GM is joining a team of battery experts from national laboratories, academia and industry who are working to develop more reliable, affordable, longer range and higher performance EV batteries.  -  Photo: General Motors

GM is joining a team of battery experts from national laboratories, academia and industry who are working to develop more reliable, affordable, longer range and higher performance EV batteries.

Photo: General Motors

General Motors and battery manufacturer Microvast will work together to develop specialized EV battery separator technology and build a new separator plant in the U.S., which is expected to create hundreds of new jobs, the companies announced Nov. 2.

This work will be supported by a $200 million grant from the U.S. Department of Energy's Battery Materials Processing and Battery Manufacturing initiative.

Separators are safety-critical EV battery components that serve to separate the anode from the cathode, allowing for ion transfer. GM will contribute its cutting-edge separator and coating technology to the collaboration with Microvast.

The companies will work together to develop new separator technology that can help improve EV safety, charging and battery life. This advanced technology is designed to enhance thermal stability of EV batteries and work with nearly all types of lithium-ion cells, including graphite, silicon, and lithium-metal anodes and nickel-rich, cobalt-free, lithium iron phosphate-type and high-voltage cathodes.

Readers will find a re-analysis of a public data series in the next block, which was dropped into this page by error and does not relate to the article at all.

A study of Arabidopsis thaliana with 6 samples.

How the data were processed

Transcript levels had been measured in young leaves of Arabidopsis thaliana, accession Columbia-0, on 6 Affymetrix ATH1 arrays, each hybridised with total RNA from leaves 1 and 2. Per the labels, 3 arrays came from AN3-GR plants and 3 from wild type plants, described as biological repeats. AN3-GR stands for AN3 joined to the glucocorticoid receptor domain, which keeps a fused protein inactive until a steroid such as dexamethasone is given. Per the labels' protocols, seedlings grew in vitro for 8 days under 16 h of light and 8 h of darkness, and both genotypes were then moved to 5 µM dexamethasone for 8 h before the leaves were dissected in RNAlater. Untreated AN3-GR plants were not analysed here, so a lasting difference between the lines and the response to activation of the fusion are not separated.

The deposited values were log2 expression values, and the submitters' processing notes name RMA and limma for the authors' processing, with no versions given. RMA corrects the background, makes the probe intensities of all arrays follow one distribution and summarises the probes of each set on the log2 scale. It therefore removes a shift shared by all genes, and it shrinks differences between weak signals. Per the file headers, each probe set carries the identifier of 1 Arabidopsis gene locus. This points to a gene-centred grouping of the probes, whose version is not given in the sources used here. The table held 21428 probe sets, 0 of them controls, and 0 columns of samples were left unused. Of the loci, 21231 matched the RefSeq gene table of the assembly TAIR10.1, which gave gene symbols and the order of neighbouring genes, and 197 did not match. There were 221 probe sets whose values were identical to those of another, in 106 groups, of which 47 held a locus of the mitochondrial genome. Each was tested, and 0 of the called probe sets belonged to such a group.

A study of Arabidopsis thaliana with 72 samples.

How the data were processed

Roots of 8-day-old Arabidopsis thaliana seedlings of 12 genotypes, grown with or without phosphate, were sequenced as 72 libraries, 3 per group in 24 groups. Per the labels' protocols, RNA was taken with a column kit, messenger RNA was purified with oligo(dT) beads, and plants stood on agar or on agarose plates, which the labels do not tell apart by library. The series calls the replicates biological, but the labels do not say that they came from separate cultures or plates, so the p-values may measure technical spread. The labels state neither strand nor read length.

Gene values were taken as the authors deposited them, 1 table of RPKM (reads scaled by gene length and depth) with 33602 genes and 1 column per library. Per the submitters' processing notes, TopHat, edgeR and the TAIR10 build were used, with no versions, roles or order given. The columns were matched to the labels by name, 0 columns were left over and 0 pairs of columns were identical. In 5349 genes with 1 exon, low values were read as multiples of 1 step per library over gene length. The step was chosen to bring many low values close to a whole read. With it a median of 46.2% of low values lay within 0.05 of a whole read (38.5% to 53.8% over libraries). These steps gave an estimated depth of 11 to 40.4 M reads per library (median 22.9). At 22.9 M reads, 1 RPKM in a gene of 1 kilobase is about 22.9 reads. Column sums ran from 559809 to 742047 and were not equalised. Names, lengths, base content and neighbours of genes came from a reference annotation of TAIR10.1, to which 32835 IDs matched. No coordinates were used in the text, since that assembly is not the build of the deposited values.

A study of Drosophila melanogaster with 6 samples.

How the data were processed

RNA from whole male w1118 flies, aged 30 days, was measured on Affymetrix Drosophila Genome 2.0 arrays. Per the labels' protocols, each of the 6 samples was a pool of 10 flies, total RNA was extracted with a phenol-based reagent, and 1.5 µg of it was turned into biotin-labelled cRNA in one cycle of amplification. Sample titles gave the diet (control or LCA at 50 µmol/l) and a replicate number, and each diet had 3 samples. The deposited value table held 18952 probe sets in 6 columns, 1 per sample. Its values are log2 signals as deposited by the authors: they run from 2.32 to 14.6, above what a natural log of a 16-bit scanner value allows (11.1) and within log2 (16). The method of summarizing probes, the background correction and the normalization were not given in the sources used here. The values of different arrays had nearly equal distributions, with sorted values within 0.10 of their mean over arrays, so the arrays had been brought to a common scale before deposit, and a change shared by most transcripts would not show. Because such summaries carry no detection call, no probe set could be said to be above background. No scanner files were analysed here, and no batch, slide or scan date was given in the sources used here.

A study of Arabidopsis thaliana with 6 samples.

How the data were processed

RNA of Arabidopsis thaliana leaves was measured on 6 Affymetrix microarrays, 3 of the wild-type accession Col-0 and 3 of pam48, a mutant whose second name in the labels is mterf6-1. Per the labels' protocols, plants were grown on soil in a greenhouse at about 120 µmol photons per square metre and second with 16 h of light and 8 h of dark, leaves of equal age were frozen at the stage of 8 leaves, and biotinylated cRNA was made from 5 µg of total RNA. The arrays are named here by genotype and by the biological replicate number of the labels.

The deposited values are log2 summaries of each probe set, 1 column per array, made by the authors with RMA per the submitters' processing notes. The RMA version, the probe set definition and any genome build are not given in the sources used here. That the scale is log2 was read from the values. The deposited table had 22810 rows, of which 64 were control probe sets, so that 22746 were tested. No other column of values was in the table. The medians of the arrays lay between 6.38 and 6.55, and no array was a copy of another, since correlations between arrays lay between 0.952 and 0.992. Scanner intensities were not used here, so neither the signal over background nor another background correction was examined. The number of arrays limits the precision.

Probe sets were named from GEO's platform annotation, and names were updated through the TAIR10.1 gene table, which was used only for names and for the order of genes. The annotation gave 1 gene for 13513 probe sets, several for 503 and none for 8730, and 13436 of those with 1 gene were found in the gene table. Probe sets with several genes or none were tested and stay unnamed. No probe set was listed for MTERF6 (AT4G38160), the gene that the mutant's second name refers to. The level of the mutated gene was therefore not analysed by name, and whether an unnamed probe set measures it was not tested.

"This collaboration with Microvast supports our ongoing efforts to develop a North American-focused EV supply chain and help put everyone in an EV," said Kent Helfrich, GM chief technology officer and VP of research and development, in a news release. "It will also provide us with pioneering separator technology that can be used in future Ultium batteries, and most importantly, supports our continuing commitment to safety."

Dr. Wenjuan Mattis, chief technology officer at Microvast, added, “We expect the safety advantages of our innovative, highly thermally stable polyaramid separators to transform high-energy lithium-ion battery development and drive significant value for the industry."

In addition, the Department of Energy has further recognized GM's battery expertise by selecting the company for its Battery500 Consortium, which is being awarded $75 million for a second phase of research.

Led by the Pacific Northwest National Laboratory, the consortium is a team of battery experts from national laboratories, academia and industry working to develop more reliable, affordable, longer range and higher performance EV batteries.

GM is the only auto manufacturer selected for the consortium and will work with other members to accelerate development of high-energy, rechargeable lithium metal batteries.